Luxury homebuyers can now get an art collection as part of the deal

When Paul Lester joined a luxury real estate agency in Los Angeles, he decided to organize a Beverly Hills property viewing with a difference: he effectively turned it into an art opening, inviting prospective buyers of the home — and those who might be interested in purchasing the artwork he displayed in it.

Individual artworks sold, and so did the property — for a premium. “We were successful in selling the house I would say for a more of a valued number than you might expect, because the entire package was seen as elevated,” Lester told CNBC by phone. The buyer also purchased some of the art displayed.

That was more than a decade ago. Since then, Lester has made it his mandate to feature “significant” work by contemporary artists — alongside designer furniture — in the high-end properties he’s listing, which is often available to buy.

Lester, a partner at real estate firm The Agency, is currently selling several new-build luxury homes in Beverly Hills designed by architecture firm Olson Kundig, and has a put together a “full collection” of art in a handful of them.

The homes — known as The Houses at 8899 Beverly — start at around $5 million. Rather than simply being “staging” pieces brought in temporarily, the art and furniture is also available to purchase, Lester said. The Agency worked with consultancy Creative Art Partners on the homes, which feature work by a number of artists, including Michelle Mary Lee, an arts educator, and Irvin Pascal, a British sculptor and painter.

Homes that are ready to move into, known as “turnkey” properties, are becoming popular with buyers. “We do see people more than not right now — especially with new construction — wanting an entire package that works well,” Lester said. “There have been circumstances where people walk in and say ‘I want this room … I’ll take the furniture and I’ll take the art. I absolutely love it this way and is that possible?’ And we’re able to say ‘yes it is’,” Lester said.

The trick with choosing artwork for such properties is to make sure it works well with their interiors, said David Knowles, founder of art consultancy Artelier, which supplies art for real estate projects in the U.K., U.S. and the Middle East.

“It’s hard to get a kind of uniqueness and a character across if what they’re selling is a turnkey project, because the … art has got to appeal to a wide audience,” Knowles told CNBC by phone. “The art needs to feel like it belongs there,” he said.

To do that, Artelier might commission pieces that have a connection to the area the home is in, and has artists make pieces that will precisely fit the dimensions of the space. This tends to work better than borrowing work from a gallery to display in a home temporarily, Knowles said.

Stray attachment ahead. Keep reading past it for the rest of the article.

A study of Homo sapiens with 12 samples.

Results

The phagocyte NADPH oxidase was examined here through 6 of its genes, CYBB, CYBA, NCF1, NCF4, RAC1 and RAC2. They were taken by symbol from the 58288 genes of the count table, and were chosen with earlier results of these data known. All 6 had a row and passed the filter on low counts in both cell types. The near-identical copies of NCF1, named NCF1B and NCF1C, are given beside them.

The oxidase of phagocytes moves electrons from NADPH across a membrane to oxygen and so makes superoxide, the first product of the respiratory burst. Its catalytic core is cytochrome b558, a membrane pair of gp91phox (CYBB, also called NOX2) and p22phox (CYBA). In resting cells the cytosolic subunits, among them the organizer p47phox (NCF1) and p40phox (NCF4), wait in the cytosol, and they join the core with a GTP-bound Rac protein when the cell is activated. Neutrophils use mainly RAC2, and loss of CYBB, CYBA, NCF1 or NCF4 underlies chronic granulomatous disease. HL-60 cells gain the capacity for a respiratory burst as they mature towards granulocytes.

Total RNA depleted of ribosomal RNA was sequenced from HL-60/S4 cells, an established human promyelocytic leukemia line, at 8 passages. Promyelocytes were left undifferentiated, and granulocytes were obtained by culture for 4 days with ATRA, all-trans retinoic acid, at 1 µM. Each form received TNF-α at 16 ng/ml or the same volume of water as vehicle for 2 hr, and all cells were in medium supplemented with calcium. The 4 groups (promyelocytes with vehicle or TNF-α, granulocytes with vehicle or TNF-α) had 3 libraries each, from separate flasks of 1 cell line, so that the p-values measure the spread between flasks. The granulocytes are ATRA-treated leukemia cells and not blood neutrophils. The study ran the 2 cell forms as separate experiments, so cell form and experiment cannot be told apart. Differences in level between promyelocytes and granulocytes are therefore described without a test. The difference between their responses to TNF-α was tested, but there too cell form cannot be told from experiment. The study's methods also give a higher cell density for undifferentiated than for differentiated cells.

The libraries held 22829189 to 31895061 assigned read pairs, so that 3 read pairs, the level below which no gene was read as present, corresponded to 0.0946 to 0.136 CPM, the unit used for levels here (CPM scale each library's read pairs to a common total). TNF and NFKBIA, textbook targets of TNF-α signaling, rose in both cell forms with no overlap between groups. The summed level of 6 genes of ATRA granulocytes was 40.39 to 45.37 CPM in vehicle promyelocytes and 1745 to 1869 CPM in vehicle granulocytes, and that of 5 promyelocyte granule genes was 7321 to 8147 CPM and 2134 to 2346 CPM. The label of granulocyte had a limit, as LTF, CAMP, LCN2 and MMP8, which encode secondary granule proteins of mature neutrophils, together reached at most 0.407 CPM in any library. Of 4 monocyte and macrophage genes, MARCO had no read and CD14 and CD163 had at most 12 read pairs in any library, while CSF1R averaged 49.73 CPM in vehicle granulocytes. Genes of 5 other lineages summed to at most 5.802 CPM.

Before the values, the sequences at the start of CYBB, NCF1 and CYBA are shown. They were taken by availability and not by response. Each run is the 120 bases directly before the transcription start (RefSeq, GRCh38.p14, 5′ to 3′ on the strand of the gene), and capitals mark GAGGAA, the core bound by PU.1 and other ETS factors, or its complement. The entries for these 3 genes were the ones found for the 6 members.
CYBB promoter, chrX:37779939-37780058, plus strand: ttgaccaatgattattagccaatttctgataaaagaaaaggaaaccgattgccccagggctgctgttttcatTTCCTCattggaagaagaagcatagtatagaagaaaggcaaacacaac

Lester’s team discusses whether the art should match a home’s design or contrast with it. They might chose a colorful palette for a more monochrome property, or a mix of abstract work and portraiture, Lester said. Work is sometimes commissioned for properties; other times, Lester might ask artists whether they have pieces available in a particular color.

Artelier has sourced artwork to hang on the walls of some of the world’s most prestigious addresses, such as London’s One Hyde Park, the residences at the Dorchester’s One at Palm development in Dubai, and for an apartment within Eighty Seven Park, an oval-shaped Miami beachfront building designed by Renzo Piano.

London developers are keen to appeal to overseas buyers looking for vacation homes in the city, Knowles said. The consultancy is commissioned by interior decorators or real estate developers to source artwork for wealthy property buyers who “know what they like, and they have got good taste. Or they’ve got someone that works for them that has got good taste,” Knowles said.

Artelier is often the bridge between artists and developers or property buyers, groups that “come from two different worlds,” Knowles said. He works with artists to help them understand that their work can be seen as a luxury product and that clients expect something “exceptional.” At the same time, Artelier might explain to clients that something like a bespoke ceramic piece is likely to have imperfections, such as finger marks.

For Lester, the artwork in The Houses at 8899 Beverly creates an additional opportunity for marketing. “We’re about to start … a campaign, which is going to highlight the artists … which I’ve found to be very effective. So in effect, you’re getting another opportunity to tell the story about the home because you’re telling the story about the art as well,” he said.

The Houses are comparatively more affordable than other properties Lester has on his books. “I have several right now that are privately being offered … The house might be worth let’s say $60 million, $70 million, but the artwork in the house is probably worth $200 million,” he said. Buyers at that level might inquire whether the vendor would consider selling one or two of the artworks, Lester said.

While real estate agency Savills doesn’t often sell art as part of a property deal, the company’s co-head of prime central London, Richard Gutteridge, advises clients to leave artwork on the walls during viewings.

“It is an accessory that a lot of people do identify with. At the top of the market, it’s a layer of [that] lifestyle,” he told CNBC by phone. Gutteridge oversees sales in what he calls the city’s “golden postcode” — Belgravia, Chelsea, Knightsbridge and Mayfair. He said a home’s art collection is occasionally worth as much as the property.

“As much as that helps the [sales] journey, it’s quite nice when [buyers] refocus on the house … The artwork often turns people’s heads,” Gutteridge said.